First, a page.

How Cotton Pollutes

Environmental Impacts of Cotton

Cotton represents 35% of the world's textiles (Gullingsrud, 2017), and it’s a very thirsty crop. Cotton takes enormous amounts of water to cultivate and manufacture. Although, calculations of how much water varies widely. For instance, one source claims that it takes 5,678 liters of water to produce 1 pair of jeans, while another source reports it takes 1,892 liters (Gullingsrun). These numbers vary on the origin of the cotton and weather patters. Nevertheless, both are staggering numbers.

Cotton and other natural materials use fertilizers and pesticides to increase the health and size of the yield. To do so, conventional cotton cultivation uses some of the most toxic chemicals available for use in agriculture. It accounts for 11% of global pesticides and 24% of insecticides applications worldwide (Conca, 2015), this attributes to soil and water pollution as well as air emissions. Unfortunately, these toxic chemicals created to improve yield can diminish soil fertility and pollute water systems, thus destroying crops in future seasons.

Once fibers are collected, they can be finished. Finishing is applied to materials to enhance performance, durability, add repellents and/or other desirable treatments. While most of these finishes are tested and safe for human use, there are concerns about bio accumulation and toxicological effects on the environment (Gullingsrud). 

Each finishing technique comes with its own benefits to the material but also, its own hindrance to the environment. One example is waterproofing, a repellent resin added as a coating to fabrics. To achieve the water repellent properties, fabric is soaked in chemicals and dried at extreme heat to allow for bonding (Tobler-Rohr). This process creates concern of air emissions and water waste. These chemicals need considerable dilution to be released (Slater,). .

Other special property is stain repellents, fire retardants, and antibacterial properties. Each of which face the same issues of chemical expulsion in the air and water. Stain repellents largest chemical concern is a fluorochemical, perflurooctanoic acid (PFAO) (Cobbing, 2013,). According to the World Health Organization (WHO), it poses a dangerous threat to the environment and human health when it breaks down. Similar concerns and regulations have been added to carcinogenic flame retardant and highly toxic antimicrobials. However, Greenpeace conducted a report acknowledging known antimicrobial were still found in active wear products (Cobbing, 2013).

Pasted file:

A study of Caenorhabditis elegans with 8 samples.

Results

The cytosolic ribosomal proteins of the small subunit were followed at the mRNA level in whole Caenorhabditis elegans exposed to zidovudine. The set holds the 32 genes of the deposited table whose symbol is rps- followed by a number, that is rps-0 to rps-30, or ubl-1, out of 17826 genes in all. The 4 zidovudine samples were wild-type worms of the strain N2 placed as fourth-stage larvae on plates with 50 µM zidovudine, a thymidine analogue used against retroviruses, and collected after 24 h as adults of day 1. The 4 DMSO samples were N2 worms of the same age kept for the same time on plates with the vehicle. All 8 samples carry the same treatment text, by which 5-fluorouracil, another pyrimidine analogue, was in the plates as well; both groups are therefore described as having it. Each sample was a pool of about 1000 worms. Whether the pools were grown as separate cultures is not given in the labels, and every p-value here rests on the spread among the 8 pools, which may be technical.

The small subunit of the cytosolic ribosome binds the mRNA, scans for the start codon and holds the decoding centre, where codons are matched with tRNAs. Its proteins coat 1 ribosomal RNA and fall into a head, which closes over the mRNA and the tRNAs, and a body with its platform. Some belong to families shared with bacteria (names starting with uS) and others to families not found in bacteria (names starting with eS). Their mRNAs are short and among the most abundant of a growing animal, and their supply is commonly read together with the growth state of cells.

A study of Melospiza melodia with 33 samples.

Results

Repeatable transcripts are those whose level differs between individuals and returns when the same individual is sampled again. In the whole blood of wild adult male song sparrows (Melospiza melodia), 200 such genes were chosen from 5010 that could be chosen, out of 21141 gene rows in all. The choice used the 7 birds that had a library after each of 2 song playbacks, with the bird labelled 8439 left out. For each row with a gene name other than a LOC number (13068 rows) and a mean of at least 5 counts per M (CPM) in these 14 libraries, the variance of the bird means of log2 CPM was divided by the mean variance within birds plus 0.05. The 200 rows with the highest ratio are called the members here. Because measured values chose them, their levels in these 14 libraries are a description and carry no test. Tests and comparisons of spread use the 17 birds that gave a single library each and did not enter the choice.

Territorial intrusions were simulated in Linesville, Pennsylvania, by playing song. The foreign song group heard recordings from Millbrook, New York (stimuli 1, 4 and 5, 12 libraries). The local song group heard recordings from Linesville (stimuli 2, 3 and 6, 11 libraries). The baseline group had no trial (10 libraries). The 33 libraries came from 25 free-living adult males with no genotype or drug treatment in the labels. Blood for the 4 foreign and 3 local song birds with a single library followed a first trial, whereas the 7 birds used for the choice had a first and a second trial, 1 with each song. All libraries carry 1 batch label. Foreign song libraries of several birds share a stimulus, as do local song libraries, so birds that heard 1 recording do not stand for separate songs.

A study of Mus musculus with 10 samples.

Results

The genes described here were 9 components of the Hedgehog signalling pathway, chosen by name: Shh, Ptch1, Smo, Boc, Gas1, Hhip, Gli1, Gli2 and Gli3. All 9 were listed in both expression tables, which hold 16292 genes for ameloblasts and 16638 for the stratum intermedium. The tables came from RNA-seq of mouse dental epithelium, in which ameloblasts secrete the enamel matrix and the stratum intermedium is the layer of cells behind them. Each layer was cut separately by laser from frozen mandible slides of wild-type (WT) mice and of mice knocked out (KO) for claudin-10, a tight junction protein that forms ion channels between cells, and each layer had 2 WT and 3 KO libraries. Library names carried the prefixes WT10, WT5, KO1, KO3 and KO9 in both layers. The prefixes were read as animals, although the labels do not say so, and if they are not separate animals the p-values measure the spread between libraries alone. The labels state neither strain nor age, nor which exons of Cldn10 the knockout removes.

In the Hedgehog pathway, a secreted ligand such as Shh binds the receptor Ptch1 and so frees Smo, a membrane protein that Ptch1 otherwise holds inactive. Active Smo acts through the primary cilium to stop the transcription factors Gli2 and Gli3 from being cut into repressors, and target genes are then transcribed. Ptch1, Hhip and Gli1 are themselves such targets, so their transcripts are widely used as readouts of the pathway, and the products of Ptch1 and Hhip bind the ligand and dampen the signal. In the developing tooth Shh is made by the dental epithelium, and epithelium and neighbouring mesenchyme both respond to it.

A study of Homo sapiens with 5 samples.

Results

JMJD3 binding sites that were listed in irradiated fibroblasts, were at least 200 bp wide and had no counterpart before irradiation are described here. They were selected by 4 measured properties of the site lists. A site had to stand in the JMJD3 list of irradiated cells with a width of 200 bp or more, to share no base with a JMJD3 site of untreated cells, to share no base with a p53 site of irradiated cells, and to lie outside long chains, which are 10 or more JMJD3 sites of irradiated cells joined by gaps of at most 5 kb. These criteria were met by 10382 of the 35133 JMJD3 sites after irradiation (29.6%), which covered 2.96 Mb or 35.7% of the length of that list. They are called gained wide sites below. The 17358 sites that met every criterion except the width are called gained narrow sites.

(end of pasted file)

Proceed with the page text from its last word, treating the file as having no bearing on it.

Dyeing is an important and specialized finishing process that contaminates enormous amounts of water. Dyestuffs pollution not only leaks residual colors into wastewaters, but are also developed to be highly toxic and carcinogenic (Slater). This is because many chemicals used in dyeing are developed to be durable to allow color to last longer. Also making them difficult to remove from water. Some major environmental concerns of dyestuffs come from the use of formaldehyde, heavy metals, salt, and the chemical oxygen demand that leaves aquatic environments hostile for living organisms (Gullingsrud, p.210).

It is clear the textile industry has a profound influence on the health of the environment. Fortunately, many organizations and businesses have been working to reduce their environmental footprint to become more sustainable. Some of the organizations helping companies to achieve environmental goals include: Better Cotton Initiative, Responsible Luxury Initiative, Organic Trade Association, and Sustainable Apparel Coalition.

The cotton trade industry negatively impacts the global environment. As global climate change, waste creation, and water scarcity become more pressing issues the textile industry will be forced to clean up its ways. Sustainable textiles are not trying to disrupt industries progress, rather offers solutions to address pressing global issues. Textiles are a basic need for all humans and should protect people from the elements, not make the elements more difficult for human survival. Although the textile industry is not the only factor in climate change, it needs to take responsibility for its negative impacts.